Anti-VIP culture, a welcome change

Morung Express News
Dimapur | March 7

Call it a welcome change: lawmakers and top bureaucrats are finally getting used to the idea of riding in cars without advertising themselves too loud on the road.

The first Cabinet meeting of the PDA Government on March 8, 2018, decided to do away with ‘VIP culture’ and subsequently the government issued a notification banning the use of name and designation plates in vehicles by any government official. The ‘anti-VIP culture’ notification extended to even ministers and elected members.

As the PDA government completes one year, the once much-valued name/designation plates of ministers and other ‘VIPs’ continue to gather dust in their garage or basement.

In place of nameplates, a color coded pass system designed for official use, especially for ministers and MLAs, was introduced to avoid inconveniences.

The Cabinet decision on ‘anti-VIP culture’ also stated that except for the Governor, Chief Minister, deputy CM, Speaker and deputy Speaker, no other functionary of the government would use security escorts and pilots within Kohima and Dimapur. Further, it was decided that security surveillance in the state capital and Dimapur would be enhanced and improved so that ministers and other functionaries do not have the need to use escorts and pilots within city limits.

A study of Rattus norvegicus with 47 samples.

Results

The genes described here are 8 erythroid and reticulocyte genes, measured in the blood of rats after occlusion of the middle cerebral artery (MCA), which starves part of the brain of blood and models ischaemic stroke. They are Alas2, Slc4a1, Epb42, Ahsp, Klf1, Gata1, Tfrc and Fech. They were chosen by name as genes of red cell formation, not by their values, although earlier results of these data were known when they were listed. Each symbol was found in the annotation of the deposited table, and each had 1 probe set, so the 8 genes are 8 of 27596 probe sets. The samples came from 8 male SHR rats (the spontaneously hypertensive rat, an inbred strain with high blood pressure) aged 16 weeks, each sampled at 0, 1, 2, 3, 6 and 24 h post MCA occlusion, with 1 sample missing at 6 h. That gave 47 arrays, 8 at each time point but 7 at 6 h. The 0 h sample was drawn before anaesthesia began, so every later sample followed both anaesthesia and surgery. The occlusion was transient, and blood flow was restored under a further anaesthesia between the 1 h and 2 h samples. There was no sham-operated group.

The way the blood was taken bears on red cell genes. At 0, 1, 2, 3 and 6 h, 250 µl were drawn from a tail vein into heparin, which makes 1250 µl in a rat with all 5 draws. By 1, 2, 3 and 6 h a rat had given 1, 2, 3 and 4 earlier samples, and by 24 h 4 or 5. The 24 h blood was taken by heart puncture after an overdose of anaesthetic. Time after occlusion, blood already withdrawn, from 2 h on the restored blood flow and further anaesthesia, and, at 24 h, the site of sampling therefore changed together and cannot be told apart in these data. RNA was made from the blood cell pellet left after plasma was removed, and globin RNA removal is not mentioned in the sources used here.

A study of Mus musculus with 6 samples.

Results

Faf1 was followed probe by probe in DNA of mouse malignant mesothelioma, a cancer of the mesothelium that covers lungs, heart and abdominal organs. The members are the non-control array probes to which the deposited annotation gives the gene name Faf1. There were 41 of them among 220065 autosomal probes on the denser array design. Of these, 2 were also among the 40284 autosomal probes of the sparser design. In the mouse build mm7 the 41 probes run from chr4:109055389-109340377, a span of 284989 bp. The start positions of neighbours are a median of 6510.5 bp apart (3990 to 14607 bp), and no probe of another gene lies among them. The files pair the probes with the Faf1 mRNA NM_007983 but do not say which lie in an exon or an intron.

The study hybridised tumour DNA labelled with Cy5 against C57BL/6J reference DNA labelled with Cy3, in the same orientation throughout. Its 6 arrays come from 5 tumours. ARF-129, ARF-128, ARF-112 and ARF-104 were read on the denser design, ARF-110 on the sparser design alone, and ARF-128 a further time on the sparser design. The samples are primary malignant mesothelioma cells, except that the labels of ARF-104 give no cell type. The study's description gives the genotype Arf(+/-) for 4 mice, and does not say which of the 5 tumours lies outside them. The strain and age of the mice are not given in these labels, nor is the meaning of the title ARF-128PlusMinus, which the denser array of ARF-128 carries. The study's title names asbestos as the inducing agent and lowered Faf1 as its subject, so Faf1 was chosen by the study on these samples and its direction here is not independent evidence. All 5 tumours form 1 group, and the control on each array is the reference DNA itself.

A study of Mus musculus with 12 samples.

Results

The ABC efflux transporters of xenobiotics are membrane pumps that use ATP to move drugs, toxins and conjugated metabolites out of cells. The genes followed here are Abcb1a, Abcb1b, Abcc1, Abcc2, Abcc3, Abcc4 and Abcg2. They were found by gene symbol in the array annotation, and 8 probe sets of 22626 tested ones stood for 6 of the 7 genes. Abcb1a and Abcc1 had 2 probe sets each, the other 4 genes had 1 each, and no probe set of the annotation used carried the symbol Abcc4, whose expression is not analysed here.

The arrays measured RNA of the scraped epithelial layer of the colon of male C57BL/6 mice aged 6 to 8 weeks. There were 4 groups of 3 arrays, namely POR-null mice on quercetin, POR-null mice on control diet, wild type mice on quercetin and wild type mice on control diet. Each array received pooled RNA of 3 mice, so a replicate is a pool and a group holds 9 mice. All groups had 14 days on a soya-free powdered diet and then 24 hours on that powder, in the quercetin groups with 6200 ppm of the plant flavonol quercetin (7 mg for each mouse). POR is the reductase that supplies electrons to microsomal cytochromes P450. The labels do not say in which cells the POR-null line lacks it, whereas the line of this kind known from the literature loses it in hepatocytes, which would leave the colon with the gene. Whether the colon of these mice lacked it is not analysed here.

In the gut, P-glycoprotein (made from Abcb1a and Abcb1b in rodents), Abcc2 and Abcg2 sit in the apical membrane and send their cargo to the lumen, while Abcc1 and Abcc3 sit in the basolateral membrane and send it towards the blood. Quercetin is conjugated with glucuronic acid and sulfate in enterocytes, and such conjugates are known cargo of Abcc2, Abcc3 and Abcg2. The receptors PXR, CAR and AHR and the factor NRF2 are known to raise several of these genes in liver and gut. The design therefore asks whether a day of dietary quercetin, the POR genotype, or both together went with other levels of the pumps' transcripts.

According to Police sources, security and traffic surveillance in the two cities have been considerably streamlined since then.

Nonetheless, it is not uncommon to see legislators still using security escorts within city limits.

“The decision to do away with name/designation plates for Ministers and VIPs is a welcome change. Now with the elected representatives leading the way, the craze for name/designation plates among the political party functionaries, tribal hoho leaders and NGOs have also subsided”, a retired government officer noted.

“Earlier, before the district administration and police clamped down on rampant use of name/designation plates, every tenth vehicle in Dimapur roads seemed to bear name and designation plates, some as big as billboards”, a businessman commented on a lighter note.

In line with the anti-VIP culture, the government also decided to do away with the use of word ‘chief guest’ for ministers and top government officials gracing government functions and private events too and replaced it with other titles like special guest, special invitee, chief patron, chief host and the likes.

“This change of title does not mean anything especially in events organized by student unions/tribal organizations or NGOs where the main motive of inviting a Minister or officials is to solicit donation. After all, what’s in a name- chief guest or special invitee, that person has to dole out something after getting VIP treatment”, a local entrepreneur said.

“One side the government may be trying to minimize VIP culture, but it seems the general public still loathes to give up the chief guest culture”, he added.